MU Museum of Art and Archeology weaves past with present

By Lori Marshall
July 14, 2009 | 12:01 a.m. CDT

COLUMBIA ⎯ The current exhibit at MU’s Museum of Art and Archaeology is not just about showcasing works of art — it’s about showing others how the past and the present are truly connected.

The exhibit, "Pre-Columbian Textile Art: Design that Speaks Today," features ancient Peruvian weaving that dates as far back as 600 CE. It will be displayed through Aug. 2 at the museum, located Pickard Hall at Ninth Street and University Avenue.


Pixley said one should not look at the works in a historical sense; rather, one should look at the different techniques used in the pieces. Each piece contains different patterns and colors that represent six different Peruvian cultures.

Different materials were also used in the weaving, including cotton and wool.  The kind of material used symbolized several things about the person adorning them, such as social status, religious beliefs and cultural differences, Pixley said.

“It’s the same today,” she said. “What someone wears tells you about that person.”

Many of the pieces shown are made of vicuña, which Pixley said was the “cashmere” of that time. The vicuña is a relative of the llama that lives in the Andes and is only shorn every three years. 

It is possible that the patterns symbolize other things about the individual cultures, Pixley said, and that they are “still trying to understand many things about those cultures.”

One particular piece also has tassels hanging in perfectly symmetrical rows, which Pixley said really brings “noise” to the piece.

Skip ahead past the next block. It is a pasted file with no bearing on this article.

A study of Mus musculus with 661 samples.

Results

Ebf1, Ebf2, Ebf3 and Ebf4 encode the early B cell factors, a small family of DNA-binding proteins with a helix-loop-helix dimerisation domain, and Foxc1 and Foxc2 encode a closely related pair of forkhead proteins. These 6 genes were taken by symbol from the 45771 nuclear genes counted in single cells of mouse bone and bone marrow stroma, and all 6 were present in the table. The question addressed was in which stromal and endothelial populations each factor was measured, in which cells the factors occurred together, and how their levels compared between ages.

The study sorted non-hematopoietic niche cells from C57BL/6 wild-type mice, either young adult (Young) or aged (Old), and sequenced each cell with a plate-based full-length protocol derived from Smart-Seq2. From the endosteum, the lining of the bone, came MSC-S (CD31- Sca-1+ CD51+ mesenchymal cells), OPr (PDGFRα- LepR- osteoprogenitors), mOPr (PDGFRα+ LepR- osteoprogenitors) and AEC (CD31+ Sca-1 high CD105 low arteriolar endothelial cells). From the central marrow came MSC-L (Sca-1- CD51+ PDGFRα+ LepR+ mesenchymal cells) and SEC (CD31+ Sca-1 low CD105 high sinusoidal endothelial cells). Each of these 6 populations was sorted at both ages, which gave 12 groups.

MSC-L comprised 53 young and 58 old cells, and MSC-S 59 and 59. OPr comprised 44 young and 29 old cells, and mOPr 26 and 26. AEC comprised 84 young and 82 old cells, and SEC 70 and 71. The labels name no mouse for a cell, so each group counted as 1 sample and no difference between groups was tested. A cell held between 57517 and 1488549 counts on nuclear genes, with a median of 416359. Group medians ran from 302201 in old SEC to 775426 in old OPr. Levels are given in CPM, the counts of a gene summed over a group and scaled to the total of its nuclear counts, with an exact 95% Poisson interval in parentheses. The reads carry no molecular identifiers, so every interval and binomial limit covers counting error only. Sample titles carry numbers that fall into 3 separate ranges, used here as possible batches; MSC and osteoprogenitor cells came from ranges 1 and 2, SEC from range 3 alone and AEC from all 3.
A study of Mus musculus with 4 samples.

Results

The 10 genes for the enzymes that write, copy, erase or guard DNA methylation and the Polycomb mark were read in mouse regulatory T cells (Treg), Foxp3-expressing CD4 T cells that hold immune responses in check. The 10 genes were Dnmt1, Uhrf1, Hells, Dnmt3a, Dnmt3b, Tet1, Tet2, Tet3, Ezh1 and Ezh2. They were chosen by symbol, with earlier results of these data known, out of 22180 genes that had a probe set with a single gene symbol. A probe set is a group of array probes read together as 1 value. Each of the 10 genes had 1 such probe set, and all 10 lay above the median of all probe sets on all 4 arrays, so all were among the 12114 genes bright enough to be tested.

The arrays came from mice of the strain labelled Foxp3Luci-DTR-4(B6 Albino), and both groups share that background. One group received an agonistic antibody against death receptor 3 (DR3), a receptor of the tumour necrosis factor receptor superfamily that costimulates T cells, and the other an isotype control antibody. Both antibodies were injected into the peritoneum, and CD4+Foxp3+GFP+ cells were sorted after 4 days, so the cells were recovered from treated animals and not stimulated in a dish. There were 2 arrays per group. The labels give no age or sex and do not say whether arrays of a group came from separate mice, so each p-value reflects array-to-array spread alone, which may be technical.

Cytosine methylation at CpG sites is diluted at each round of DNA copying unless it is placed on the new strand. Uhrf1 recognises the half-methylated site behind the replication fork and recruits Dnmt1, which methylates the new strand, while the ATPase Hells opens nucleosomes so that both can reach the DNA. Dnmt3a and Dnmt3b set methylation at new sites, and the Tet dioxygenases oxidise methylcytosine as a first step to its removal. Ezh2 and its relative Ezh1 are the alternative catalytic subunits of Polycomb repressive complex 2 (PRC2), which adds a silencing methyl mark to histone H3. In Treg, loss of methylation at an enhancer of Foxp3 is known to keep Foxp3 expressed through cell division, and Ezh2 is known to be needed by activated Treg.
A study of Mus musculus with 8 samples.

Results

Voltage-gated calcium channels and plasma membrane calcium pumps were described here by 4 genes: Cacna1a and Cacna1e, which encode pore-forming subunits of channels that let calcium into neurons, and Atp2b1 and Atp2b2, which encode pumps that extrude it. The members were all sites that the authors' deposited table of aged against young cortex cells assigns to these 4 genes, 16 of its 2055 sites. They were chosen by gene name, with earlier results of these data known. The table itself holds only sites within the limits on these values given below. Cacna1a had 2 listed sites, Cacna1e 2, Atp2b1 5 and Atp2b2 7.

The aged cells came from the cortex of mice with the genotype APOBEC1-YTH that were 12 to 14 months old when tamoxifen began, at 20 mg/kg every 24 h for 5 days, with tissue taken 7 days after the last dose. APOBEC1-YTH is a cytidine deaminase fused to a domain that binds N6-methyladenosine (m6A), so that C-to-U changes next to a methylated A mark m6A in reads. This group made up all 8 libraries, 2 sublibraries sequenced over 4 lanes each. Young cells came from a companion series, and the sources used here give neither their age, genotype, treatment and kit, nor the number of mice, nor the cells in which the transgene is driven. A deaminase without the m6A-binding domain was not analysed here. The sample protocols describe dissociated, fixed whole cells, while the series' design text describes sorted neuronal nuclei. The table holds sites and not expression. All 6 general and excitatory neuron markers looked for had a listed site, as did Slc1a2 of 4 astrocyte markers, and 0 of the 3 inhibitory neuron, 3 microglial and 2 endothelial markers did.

“Culture is not silent,” Pixley said. “When accompanied by music, the movement of the tassels really relates to the music, so they really do become alive.”

Another piece features what they call the “tie-dyed effect,” which is a common pattern seen today. Pixley said this technique is extremely difficult to do on the material used, and would, like most of the pieces, take months or years to complete successfully.

“Beauty can be very simple, but it can also be very complicated,” Pixley said. “The process takes a lot of time … these are not machine-made pieces.”

Woven purses are also displayed, including some used in “mummy bundles.” In ancient Peruvian culture, according to Pixley, the dead were wrapped with textiles made of the materials featured in the exhibit as a way of “honoring and preserving” their bodies.

Many of the designs feature animals or figures meant to be spirits, which relate to many aspects of ancient Peruvian culture. One piece, for example, has a figure that appears to have an octopus on its head, which, according to Pixley, was commonly eaten in that time.

After viewing this exhibit, Pixley said, one should “come away with more sensitivity to fibers, colors and patterns … many of the patterns are still used today.”